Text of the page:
Pity the poor folks in the Kitikmeot who will be dipping into their own pockets after the Government of the Northwest Territories’ Marine Transportation Services’ barges failed to reach their destination.
The barges – carrying more than $3 million in goods – left too late to avoid thick ice and had to leave everything in Inuvik, with a plan to deliver next year.
The barge should have arrived by the end of September, and its cargo of all the usual necessities – fuel, non-perishable food items, personal effects, building supplies, and vehicles – are essential to the functioning of our Northern communities.
The GNWT will spend $1.75 million to finish the job. Or at least most of the job.
Of up to 100 flights, more than half will carry fuel for Paulatuk, NWT, which doesn’t have enough to last the winter.
Food and personal effects will be next, and maybe some building supplies, depending on how important they are.
Vehicles and heavy equipment won’t fly this year.
The GNWT insists it didn’t have to airlift anything but we find this hard to swallow. The folks in Western Nunavut feel the same way.
The idea that the GNWT was protected by a standard provision in their bill of lading – if freight doesn’t get in, it gets there later – doesn’t cut it when you consider that these goods will arrive a year later.
We can all accept the idea of waiting for the next flight for our bags to arrive – when the next flight is tomorrow or even next week.
But next year? Um, no.
You can’t deliver the heating fuel next year and put residents at risk of freezing to death.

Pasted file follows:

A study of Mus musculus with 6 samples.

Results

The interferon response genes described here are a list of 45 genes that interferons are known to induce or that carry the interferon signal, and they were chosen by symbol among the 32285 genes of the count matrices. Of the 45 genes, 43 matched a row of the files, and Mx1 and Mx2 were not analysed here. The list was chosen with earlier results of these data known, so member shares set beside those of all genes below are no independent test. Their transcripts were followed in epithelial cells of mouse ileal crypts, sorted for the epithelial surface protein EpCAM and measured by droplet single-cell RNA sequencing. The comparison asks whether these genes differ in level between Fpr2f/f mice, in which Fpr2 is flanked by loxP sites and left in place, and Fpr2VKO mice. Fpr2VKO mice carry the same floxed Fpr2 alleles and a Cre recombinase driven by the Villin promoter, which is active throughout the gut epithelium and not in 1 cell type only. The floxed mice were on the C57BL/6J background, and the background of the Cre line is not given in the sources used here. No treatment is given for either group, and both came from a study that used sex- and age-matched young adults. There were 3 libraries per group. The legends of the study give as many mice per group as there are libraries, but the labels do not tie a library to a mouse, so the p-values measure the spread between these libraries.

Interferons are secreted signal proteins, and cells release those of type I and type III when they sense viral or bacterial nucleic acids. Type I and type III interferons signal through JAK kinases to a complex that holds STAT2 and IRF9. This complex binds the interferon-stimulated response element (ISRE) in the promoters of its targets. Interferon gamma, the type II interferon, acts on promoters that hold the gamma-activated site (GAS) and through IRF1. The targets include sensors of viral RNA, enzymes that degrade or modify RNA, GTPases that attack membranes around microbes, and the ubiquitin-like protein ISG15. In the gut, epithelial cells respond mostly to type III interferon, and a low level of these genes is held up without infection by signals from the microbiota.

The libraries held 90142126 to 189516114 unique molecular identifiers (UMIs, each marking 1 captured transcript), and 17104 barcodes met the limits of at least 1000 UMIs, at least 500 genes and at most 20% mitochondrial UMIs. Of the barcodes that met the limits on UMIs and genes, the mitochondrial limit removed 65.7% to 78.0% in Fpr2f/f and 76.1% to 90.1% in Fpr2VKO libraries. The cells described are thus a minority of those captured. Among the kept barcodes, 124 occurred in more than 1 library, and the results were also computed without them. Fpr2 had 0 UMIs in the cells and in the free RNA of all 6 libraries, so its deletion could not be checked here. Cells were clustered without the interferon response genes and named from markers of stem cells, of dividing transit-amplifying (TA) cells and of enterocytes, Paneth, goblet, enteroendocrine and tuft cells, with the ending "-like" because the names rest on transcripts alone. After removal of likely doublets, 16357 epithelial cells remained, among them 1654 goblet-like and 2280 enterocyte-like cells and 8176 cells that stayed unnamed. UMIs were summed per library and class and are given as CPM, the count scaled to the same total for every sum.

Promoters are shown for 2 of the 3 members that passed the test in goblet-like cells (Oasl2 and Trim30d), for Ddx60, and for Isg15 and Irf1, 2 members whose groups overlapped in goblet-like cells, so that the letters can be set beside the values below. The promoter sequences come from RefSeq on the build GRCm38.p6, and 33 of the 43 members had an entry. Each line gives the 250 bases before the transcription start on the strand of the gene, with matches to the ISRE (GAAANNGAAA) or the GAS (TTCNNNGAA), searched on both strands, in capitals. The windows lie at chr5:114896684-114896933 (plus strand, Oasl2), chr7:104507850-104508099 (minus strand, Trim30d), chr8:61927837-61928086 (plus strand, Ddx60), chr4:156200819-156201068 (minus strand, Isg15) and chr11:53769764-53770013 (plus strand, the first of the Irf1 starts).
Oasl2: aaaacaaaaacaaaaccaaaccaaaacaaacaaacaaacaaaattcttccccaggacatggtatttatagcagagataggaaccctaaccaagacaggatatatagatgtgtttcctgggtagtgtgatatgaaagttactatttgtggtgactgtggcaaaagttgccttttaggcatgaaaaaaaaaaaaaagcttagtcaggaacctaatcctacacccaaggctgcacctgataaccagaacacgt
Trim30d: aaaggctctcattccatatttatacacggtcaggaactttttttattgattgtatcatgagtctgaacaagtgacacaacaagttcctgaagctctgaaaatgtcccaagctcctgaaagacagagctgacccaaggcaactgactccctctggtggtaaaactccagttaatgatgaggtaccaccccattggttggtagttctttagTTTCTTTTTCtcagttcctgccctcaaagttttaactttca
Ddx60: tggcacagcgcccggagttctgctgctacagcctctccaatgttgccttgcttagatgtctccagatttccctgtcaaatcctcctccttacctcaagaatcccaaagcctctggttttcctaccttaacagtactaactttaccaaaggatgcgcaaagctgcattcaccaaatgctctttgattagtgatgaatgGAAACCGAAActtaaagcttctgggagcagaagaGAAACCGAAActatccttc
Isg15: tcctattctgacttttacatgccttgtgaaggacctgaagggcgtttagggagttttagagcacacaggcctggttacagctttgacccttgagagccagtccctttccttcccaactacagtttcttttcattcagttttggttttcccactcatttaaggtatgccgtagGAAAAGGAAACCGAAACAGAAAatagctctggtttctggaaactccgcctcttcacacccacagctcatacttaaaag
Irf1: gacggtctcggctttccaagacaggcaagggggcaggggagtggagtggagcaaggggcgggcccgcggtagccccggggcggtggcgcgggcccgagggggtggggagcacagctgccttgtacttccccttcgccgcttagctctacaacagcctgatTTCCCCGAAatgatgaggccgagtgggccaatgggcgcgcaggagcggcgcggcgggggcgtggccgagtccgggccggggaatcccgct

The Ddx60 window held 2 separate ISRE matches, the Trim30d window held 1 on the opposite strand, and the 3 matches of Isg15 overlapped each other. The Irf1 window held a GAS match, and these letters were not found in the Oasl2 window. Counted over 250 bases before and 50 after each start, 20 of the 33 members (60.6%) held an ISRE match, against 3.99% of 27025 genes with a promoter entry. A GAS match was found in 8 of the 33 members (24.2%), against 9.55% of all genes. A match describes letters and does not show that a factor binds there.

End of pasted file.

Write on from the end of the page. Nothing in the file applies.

You can’t deliver the food next year and have it go past its best before date while expecting residents to stretch their budgets.
You can’t leave communities in a growing territory without the building materials to fix existing homes or build new ones.
A service provider couldn’t make everyone wait that long without heads rolling.
If MTS were a Crown corporation – it’s not (yet) – or a private company, insurance would kick in and there would be an expectation that people with losses would be made whole. Instead of an insurance payout, in this case the funds need to come from the public purse.
Unfortunately, there are always those on the losing side. In this case, it’s not only the taxpayer but also the individuals and businesses in the Kitikmeot who won’t get the building supplies and vehicles they expected to use to fix their homes, and operate and grow their businesses.
That means a year of stagnation for many in a region where every dollar counts.
NWT MLA Herb Nakimayak suggests bringing the new Inuvik-Tuktoyaktuk Highway into the equation as a staging location to leave the goods before boarding the barge, and it’s not a bad idea.
This is MTS’s second season running the show, and it has some work to do to prove its claim it is “not an amateur operation.” Because if this happens again in the next few years, the government will have proven its inability to deliver, and faith in the system will be very difficult to restore.